Though Secretary of State John Kerry probably won’t heed the warnings, the disastrous Syrian peace negotiations are providing the service of at least demonstrating where the West’s current style of negotiating with rogue regimes leads. The talks are falling apart, as the New York Times reports today. But the process by which they are doing so has been nonetheless illuminating.

The Syrian peace track took a turn in September after the Obama administration began making the case for striking targets in Syria aligned with Bashar al-Assad’s murderous regime. Kerry was asked how strikes could be avoided, and, seemingly caught off-guard, said Assad “could turn over every single bit of his chemical weapons to the international community in the next week — turn it over, all of it, without delay and allow the full and total accounting.”

Critics of the Syria deal initially said it would be used by Russia and Assad as a delaying tactic. The Obama administration didn’t much care, because the cause of getting rid of Syria’s chemical weapons was deemed worth the time needed to accomplish it. But whatever the desirability of the goal here, the current form of the Syria peace process followed a familiar outline: it began with a delay considered reasonable, but soon expanded into various other demands to buy time. As the Times reports:

Russian officials accused the Syrian opposition’s Western backers on Friday of focusing solely on “regime change” and said the government would discuss political transition only if its opponents agreed on a joint fight against terrorism.

The declarations — unlikely to produce compromise because the government tends to define all its armed opponents, including those backed by the opposition delegation here, as terrorists — added to the state of suspense at peace talks that so far have produced no progress. The negotiations this week were the second round, and there is now uncertainty over whether there will be a third.

The statements came a day after a meeting of Russian, American and United Nations officials failed to produce a consensus on how to unblock the talks and push the parties toward substantive negotiations.

Theoretically, the drive to get rid of Syria’s chemical weapons does not have to be linked in any way with the Geneva talks. But it’s undeniable that the chemical-weapons deal has altered the landscape of this particular peace process. Assad is in a stronger position by having elevated his Russian backers in the conflict and by his required cooperation–and therefore, effectively, his regime’s protection–with the West.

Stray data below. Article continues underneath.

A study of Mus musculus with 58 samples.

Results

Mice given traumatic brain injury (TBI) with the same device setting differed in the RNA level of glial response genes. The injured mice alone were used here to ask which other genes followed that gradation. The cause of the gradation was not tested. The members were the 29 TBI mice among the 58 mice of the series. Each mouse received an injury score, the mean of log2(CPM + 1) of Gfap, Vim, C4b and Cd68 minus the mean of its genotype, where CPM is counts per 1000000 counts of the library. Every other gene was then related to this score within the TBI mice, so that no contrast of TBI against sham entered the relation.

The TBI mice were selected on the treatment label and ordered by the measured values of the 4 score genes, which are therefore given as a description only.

He is also more able to make demands, because the threat of force against his regime has been taken off the table for now. The West would be conducting these negotiations with or without the chemical-weapons deal, but the chemical-weapons deal has removed the most effective enforcement mechanism. Assad can play for time, and in fact the Times report shows him to be no longer even feigning interest in the process:

Mr. Brahimi, they said, complained that the Syrian delegation had refused to even touch, let alone read, a 24-point plan presented by the opposition on Wednesday on how to structure a political transition for Syria. Instead, they said, the government delegates left the paper on the table and walked away.

The opposition delegates have agreed to a compromise agenda that would simultaneously address their top priority — the formation of a fully empowered transitional governing body “by mutual consent” — and that of the government, which is to end violence and terrorism in Syria.

But the government delegates have so far refused, and the Russian foreign minister, Sergey V. Lavrov, on Friday seemed to back them up, declaring that the opposition and its backers appeared solely focused on deposing President Bashar al-Assad.

Just as the chemical-weapons deal and the transition negotiations became inextricably linked by the precedent one set for the other, so the Obama administration may find that the Syrian conflict is not taking place in a vacuum. Kerry has two other peace processes on his plate at the moment: the nuclear deal with Iran and the Israeli-Palestinian negotiations.

Ostensibly, they are separate from each other and the Syrian track. But in practice it just isn’t the case. For example the Iranian government is involved, on some level or another, in all three. Syria is its patron and it is helping to prosecute the war by proxy. And its relationship with Palestinian terror groups enables it to cause trouble there as well.

Additionally, they are watching in Geneva just how far delaying tactics can be taken. Already there has been talk of extending the deadlines for both the Iran talks and the Israeli-Palestinian negotiations. Ideally, Kerry would understand that Syria just may be the ghost of negotiations future. He seems determined, however, to find that out for himself the hard way.